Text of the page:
Tourism’s place in the sun under threat from Brexit

Buoyant sector faces tough challenges but it’s hard to see what is being done to protect it

Shane Ross: said last summer that tourism was only part of his brief not giving him any trouble. Photograph: Dave Meehan

Shane Ross: said last summer that tourism was only part of his brief not giving him any trouble. Photograph: Dave Meehan

 

Is there a part of the economy that is more exposed to – and yet less prepared for – Brexit than the Irish tourism industry?

Last Friday, the Central Statistics Office released data confirming that 2016 was a record year with overseas visitor numbers of almost 9.5 million, up almost 11 per cent. So it might seem incongruous to suggest that warning lights should be flashing on the industry’s dashboard.

The tourism industry has been on a rollercoaster ride over the last decade. It scaled giddy heights towards the frothy end of the last boom, before plunging into a pit of despair in the crash. Spurred by favourable currency rates, tax breaks and a swift recovery in its core overseas markets, the good times soon rolled around again.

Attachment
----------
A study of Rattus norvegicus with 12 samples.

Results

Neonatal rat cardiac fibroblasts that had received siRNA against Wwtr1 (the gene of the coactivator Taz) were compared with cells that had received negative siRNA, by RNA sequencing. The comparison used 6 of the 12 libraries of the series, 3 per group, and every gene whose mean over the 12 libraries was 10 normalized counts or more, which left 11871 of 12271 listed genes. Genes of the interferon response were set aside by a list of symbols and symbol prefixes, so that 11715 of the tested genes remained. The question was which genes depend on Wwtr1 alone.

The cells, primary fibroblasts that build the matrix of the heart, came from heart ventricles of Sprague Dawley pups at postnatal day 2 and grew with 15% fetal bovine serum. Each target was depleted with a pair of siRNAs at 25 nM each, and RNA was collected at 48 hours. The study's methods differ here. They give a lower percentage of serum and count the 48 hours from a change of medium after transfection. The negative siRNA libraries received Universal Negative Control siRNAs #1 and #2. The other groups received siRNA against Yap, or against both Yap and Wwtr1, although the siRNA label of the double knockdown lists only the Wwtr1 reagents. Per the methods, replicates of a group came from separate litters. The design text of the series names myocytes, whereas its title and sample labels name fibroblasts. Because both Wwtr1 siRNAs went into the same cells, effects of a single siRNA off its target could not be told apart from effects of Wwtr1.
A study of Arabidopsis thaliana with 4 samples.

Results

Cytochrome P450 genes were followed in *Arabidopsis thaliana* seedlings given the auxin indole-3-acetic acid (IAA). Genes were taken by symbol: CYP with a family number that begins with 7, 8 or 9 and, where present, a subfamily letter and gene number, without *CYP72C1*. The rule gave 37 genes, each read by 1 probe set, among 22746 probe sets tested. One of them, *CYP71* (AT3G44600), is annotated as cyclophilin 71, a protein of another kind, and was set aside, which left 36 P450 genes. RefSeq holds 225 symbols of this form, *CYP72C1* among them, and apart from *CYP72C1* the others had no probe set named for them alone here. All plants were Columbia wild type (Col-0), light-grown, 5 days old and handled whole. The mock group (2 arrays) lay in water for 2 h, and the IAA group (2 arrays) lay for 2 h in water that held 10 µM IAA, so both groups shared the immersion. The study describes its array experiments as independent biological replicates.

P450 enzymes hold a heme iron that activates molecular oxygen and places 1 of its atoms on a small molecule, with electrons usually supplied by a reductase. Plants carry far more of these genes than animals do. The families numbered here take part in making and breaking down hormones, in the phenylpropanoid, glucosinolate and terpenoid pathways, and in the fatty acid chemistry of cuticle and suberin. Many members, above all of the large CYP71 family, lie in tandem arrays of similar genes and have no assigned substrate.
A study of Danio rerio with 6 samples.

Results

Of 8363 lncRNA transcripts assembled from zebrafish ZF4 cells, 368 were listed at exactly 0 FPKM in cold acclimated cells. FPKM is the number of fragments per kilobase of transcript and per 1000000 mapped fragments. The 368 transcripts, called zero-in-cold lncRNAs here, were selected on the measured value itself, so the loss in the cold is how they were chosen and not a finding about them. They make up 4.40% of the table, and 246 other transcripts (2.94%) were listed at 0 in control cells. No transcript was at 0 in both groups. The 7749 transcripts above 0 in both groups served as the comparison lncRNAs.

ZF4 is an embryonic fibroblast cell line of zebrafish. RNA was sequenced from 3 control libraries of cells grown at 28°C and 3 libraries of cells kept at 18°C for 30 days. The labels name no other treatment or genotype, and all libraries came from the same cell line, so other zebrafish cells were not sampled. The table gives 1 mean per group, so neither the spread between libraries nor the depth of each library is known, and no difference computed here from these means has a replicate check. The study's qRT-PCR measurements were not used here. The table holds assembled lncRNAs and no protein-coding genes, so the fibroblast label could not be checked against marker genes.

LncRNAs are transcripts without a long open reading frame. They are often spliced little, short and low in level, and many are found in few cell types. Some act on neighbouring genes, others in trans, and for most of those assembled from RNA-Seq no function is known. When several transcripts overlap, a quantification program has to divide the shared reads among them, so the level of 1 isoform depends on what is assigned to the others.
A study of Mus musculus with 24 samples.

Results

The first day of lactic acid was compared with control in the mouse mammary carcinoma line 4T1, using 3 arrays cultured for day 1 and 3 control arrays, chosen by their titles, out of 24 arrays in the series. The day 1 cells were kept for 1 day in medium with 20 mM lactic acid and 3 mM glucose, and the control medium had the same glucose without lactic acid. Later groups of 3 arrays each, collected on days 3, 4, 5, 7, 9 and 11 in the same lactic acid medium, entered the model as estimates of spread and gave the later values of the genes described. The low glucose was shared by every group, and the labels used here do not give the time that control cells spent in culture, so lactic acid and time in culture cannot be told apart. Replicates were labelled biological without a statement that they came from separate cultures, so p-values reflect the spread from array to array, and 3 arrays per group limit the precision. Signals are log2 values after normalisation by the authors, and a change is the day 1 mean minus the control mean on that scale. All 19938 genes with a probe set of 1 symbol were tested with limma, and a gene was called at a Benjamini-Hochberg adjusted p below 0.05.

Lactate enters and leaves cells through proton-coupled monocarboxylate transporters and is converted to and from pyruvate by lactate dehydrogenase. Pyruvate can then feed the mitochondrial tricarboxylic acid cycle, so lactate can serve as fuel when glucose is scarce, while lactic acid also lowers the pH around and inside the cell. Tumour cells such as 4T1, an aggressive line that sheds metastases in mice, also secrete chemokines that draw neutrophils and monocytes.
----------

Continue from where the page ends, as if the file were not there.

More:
However, looking at the scale of the threat posed by Brexit and the paucity of the official response from policymakers, there is a sense that tourism’s current position on the rollercoaster is akin to sitting on the top of a massive peak.

It was hard work, though great fun, getting there and the view from on high is amazing. However, as we slide over the top and the realisation dawns that rollercoasters rapidly go down as well as up, it won’t be long until the screaming starts.

Britain is by far Ireland’s largest source market, but with the Brexit vote the UK’s economy will inevitably slow. Furthermore, holidaying at home will become popular for the British anyway, as they luxuriate in their nationalism.

As Irish holidays become more expensive due to the weakness of sterling, where will the replacement business come from? The US? Hardly enough of it. If Brexit brings a return of a hard Border across the North, how will that affect the already struggling tourism of the Border counties?

Who will pay for all the extra international marketing required to boost Ireland’s “share of voice” in those other markets to which it must turn post-Brexit?

Towards the end of the summer, when the Dublin Bus strike was raging and the Rio ticket scandal was still fresh in people’s minds – but three months after the Brexit vote – Minister for Transport, Tourism and Sport Shane Ross told a gathering of industry executives that tourism was the only part of his brief not giving him any trouble.

Do we have a minister who understands the industry at all?